Turkish gov’t hitting below the belt to keep opposition on defensive
Upon an order from the Istanbul Prosecutor’s Office, Ankara police on Sept. 15 detained Celal Çelik, a lawyer for the leader of the social democratic main opposition Republican People’s Party (CHP), Kemal Kıçıldaroğlu.
It is reported that Çelik was taken into custody within the framework of a probe into the “judicial network” of Fethullah Gülen, the U.S.-based Islamist preacher accused of masterminding Turkey’s July 15, 2016 military coup attempt.
The accusation is strange because Çelik had resigned from the High Court of Appeals (Yargıtay) on Sept. 26, 2011 in protest at the domination of Gülenist judges in the high court and their manipulative “use of block votes.” He has recently been among the most vocal opinion holders on TV screens saying it was the ruling Justice and Development Party (AK Parti) that paved the way for Gülen and his illegal network to infiltrate the state apparatus. During these TV appearances he has frequently quoted President Tayyip Erdoğan’s words in which he asked: “Is there anything that they [Gülen and his followers] have asked for from us that we did not give them?”
CHP head Kılıçdaroğlu reacted to the detention of Çelik immediately, describing it as “a shame for democracy” and an “eclipse of reason.”
For his part, when asked by reporters about the detention Prime Minister Binali Yıldırım said it was “the business of the courts.” “I don’t find it right to comment further on it without having any knowledge about the accusations,” he added.
There is no evidence that it was the government that ordered prosecutors to detain the CHP lawyer. However, members of the government and the press have steeply escalated their rhetoric against the CHP, claiming that Turkey’s oldest political party is neither “national” nor “native” and saying it acts in line with “terrorists,” referring to either members of Gülen’s illegal network or the outlawed Kurdistan Workers’ Party (PKK).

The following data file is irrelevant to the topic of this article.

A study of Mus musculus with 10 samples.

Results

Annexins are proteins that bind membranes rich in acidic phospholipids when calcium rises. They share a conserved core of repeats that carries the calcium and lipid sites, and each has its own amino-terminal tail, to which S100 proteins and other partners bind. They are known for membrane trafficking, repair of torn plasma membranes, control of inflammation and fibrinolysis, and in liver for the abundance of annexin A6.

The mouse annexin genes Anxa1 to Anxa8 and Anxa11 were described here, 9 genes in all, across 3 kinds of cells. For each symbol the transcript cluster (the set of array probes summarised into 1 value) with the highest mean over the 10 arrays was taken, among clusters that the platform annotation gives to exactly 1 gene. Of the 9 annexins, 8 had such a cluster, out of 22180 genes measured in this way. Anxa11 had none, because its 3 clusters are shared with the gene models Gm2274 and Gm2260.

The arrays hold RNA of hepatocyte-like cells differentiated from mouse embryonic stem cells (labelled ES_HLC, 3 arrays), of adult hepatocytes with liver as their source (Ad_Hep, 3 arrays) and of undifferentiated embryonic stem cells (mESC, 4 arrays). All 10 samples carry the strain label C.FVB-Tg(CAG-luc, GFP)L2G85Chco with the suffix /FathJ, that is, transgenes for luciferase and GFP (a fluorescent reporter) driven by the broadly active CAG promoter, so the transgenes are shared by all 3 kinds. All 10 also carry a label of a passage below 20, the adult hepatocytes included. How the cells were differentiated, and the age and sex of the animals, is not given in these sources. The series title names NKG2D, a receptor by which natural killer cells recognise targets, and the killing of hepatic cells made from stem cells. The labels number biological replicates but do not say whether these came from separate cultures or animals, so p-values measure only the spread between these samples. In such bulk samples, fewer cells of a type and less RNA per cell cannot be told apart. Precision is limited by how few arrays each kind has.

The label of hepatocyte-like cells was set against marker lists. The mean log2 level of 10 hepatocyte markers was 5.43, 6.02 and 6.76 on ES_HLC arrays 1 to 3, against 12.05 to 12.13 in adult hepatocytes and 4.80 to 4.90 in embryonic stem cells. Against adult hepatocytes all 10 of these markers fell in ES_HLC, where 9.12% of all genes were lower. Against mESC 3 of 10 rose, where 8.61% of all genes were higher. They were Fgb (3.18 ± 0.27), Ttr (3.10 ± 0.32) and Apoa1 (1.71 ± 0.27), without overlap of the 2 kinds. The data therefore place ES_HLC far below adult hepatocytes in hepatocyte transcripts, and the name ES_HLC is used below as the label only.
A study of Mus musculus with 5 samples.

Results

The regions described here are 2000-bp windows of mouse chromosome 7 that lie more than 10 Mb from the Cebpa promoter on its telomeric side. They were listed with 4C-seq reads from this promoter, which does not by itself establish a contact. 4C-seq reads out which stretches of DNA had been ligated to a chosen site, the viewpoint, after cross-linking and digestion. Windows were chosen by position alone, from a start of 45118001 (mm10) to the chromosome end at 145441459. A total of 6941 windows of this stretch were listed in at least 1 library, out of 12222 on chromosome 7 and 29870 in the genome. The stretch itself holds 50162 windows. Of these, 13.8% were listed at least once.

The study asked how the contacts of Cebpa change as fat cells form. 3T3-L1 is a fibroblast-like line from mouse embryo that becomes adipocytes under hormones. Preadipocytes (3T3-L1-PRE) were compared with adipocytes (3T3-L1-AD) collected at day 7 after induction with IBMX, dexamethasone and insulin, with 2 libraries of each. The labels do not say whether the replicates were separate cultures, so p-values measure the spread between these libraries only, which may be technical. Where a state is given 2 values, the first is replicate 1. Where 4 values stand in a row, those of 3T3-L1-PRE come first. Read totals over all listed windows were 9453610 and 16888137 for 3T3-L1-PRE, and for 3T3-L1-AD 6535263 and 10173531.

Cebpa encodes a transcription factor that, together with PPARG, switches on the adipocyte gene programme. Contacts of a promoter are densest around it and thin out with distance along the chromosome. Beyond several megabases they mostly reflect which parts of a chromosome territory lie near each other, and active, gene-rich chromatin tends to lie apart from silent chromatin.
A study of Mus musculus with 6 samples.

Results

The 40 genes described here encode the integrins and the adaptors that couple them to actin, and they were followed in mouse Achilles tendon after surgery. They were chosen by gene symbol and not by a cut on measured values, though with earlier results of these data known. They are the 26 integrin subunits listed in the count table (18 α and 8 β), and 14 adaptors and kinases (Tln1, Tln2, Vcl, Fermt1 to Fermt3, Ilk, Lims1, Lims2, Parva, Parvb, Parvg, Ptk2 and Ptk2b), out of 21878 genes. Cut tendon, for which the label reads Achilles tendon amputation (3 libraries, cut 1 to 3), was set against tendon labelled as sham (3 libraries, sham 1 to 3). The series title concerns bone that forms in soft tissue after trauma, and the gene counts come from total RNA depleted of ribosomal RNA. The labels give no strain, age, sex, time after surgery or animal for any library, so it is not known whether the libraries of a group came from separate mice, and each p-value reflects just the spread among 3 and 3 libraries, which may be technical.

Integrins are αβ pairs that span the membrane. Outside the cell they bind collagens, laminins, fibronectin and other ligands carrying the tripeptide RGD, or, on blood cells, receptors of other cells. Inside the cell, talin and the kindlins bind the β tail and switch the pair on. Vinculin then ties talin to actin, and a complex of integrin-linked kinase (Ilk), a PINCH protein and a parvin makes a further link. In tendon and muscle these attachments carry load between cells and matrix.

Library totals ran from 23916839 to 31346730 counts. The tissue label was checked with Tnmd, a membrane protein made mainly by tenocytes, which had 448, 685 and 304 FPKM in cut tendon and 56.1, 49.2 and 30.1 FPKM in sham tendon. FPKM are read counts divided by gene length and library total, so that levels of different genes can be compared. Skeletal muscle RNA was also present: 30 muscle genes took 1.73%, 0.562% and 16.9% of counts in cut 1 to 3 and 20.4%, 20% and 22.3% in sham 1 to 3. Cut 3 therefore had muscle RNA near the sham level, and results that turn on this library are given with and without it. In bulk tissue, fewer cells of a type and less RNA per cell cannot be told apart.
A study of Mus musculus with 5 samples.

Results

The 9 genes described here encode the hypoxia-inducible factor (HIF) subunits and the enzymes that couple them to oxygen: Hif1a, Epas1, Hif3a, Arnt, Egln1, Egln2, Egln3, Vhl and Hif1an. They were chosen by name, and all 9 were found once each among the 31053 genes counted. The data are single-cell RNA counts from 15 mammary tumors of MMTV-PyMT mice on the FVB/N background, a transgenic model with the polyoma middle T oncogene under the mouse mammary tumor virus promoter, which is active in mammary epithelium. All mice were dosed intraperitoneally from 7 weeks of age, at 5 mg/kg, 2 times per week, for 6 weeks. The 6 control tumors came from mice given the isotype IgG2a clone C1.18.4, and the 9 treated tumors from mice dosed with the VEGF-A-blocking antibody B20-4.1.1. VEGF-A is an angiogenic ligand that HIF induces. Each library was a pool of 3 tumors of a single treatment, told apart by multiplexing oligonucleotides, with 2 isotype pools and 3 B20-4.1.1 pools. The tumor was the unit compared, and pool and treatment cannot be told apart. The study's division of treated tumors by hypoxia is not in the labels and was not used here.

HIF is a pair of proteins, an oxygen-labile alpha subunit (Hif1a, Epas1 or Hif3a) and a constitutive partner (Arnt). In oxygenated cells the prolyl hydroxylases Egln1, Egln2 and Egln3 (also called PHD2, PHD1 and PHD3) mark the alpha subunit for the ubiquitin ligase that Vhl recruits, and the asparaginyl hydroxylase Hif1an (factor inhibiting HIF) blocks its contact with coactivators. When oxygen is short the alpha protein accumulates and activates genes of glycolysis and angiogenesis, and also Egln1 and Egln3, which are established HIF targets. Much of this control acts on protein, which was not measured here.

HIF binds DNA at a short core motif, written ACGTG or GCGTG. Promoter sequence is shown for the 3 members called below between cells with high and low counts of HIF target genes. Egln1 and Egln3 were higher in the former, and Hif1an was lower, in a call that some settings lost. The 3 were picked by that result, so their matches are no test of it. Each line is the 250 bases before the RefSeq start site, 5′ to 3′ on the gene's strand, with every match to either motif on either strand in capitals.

Another concerted campaign regarding the CHP is being carried out against Sezgin Tanrıkulu, an MP and a deputy chairman of the party who has long focused on issues of rights and freedoms. Because he raised the question of whether an armed drone hit civilians instead of PKK militants in a recent security operation in southeastern Turkey, both Tanrıkulu and Kılıçdaroğlu have been repeatedly slammed by President Erdoğan, Prime Minister Yıldırım and other government members for more than a week. The pro-government media argues that Tanrıkulu is trying to forge an alliance between the CHP and the Kurdish problem-focused Peoples’ Democratic Party (HDP) line, as Tanrıkulu is also of Kurdish origin.
Another CHP deputy, Enis Berberoğlu, is already in prison after being sentenced to 25 years on charges of engaging in espionage and assisting terrorism after providing news material to a newspaper.
All these developments are causing the CHP to spend its energy on defending itself, instead of carrying out resonant strategic campaigns like the recent Justice March from Ankara to Istanbul and the subsequent Justice Conference, both of which sought to highlight that the lack of justice is Turkey’s major current problem.
It seems that government is enjoying keeping the main opposition on the defensive. In a bid to retake the initiative, the CHP has announced two local rallies in the coming days: One will focus on the destruction of nature during the construction of dams in the eastern province of Tunceli, while the other will focus on publicizing the problems faced by hazelnut producers in the Black Sea province of Giresun.